SUNDAY’S READINGS | June 20, 2021

Track 1: 1 Sam. 17: [1a, 4-11, 19-23], 32-49 or 1 Samuel 17:57-18:5, 10-16 • Ps. 9:9-20 or 133 • 2 Cor. 6:1-13 • Mark 4:35-41

Track 2: Job 38:1-11 • Ps. 107:1-3, 23-32 • 2 Cor. 6:1-13 • Mark 4:35-41

Keep awake! This warning about “the master’s return” at an unknown hour captures something of what it is like to read the Bible carefully. Without constant attention and care, one will likely fall for easy solutions, especially when those solutions have supporting Scriptures. Consider the following while holding in mind the terrible, heartbreaking, and soul-crushing tragedies a person may suffer. “No testing has overtaken you that is not common to everyone. God is faithful, and he will not let you be tested beyond your strength, but with the testing he will also provide the way out so that you may be able to endure it” (1 Cor. 10:13).

It is not uncommon, however, for people to suffer unbearable burdens and feel there is no way out. We may assert that Jesus is the Way, but his way includes suffering and death, blood and gasping breath, wounds and a pierced heart. Sometimes we do well to say little, resist easy answers we give primarily for our own comfort, which may add to the suffering of others. Silence, listening, companionship, practical aid, and a few tender words may be the only honest answer to human anguish.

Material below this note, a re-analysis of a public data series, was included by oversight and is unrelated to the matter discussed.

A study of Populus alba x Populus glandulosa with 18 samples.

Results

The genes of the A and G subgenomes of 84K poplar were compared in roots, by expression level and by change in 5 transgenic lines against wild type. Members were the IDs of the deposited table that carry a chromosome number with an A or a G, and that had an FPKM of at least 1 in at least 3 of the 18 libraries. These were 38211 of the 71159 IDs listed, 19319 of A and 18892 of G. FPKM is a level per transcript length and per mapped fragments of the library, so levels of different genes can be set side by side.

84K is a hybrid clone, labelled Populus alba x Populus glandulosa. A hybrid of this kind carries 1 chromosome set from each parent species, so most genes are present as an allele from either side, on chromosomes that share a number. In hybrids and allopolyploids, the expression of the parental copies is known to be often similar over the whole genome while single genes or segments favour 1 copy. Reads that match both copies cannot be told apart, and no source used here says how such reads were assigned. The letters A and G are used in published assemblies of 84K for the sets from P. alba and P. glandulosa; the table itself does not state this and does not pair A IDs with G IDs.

In the world of the Bible, God is present before the storm, in the storm, and after the storm. Yes, this is perplexing.

The Bible offers hope, a conviction, a yearning for divine help amid human life as it is, both beautiful and terrible. “Some went down to the sea in ships, doing business on the mighty waters; they saw the deeds of the Lord, his wondrous works in the deep. For he commanded and raised the stormy wind, which lifted up the waves of the sea. They mounted up to heaven, they went down to the depths; their courage melted away in their calamity” (Ps. 107:23-26).

God is mysteriously the cause of the wind, the waves, and peril. God also hears the cries of human beings and comes with help. “Then they cried to the Lord in their trouble, and he brought them out from their distress; he made the storm be still, and the waves of the sea were hushed” (Ps. 107:28-29). Again, this is a hope, a conviction, a yearning that God will not leave us without comfort and protection.

The Son of the living God rests while a storm rages. “On that day, when evening had come, Jesus said to them, ‘Let us go across to the other side.’ And leaving the crowd behind, they took him with them in the boat, just as he was. Other boats were with him. A great windstorm arose, and the waves beat into the boat, so that the boat was already being swamped. But he was in the stern, asleep on the cushion; and they woke him up and said to him, ‘Teacher, do you not care that we are perishing?’ He woke up and rebuked the wind and said to the sea, ‘Peace! Be still!’ Then the wind ceased, and there was a dead calm” (Mark 4:35-39). “He made the storm be still, and the waves of the sea were hushed” (Ps. 107:29). That is our hope.

Do we have faith? Perhaps not. After all, sometimes the waves crash in, fill the boat, and threaten peril. Sometimes, like the Egyptians, we sink into the depths like a stone. If we have faith, we have it as a gift. As St. Augustine says in Confessions, “My faith invokes you, O Lord, which you have given to me, which you have breathed into me through the humanity of your Son, and the ministry of your preacher.”

Look It Up: Mark 4:26-27

Think About It: God is our help, but we know not how.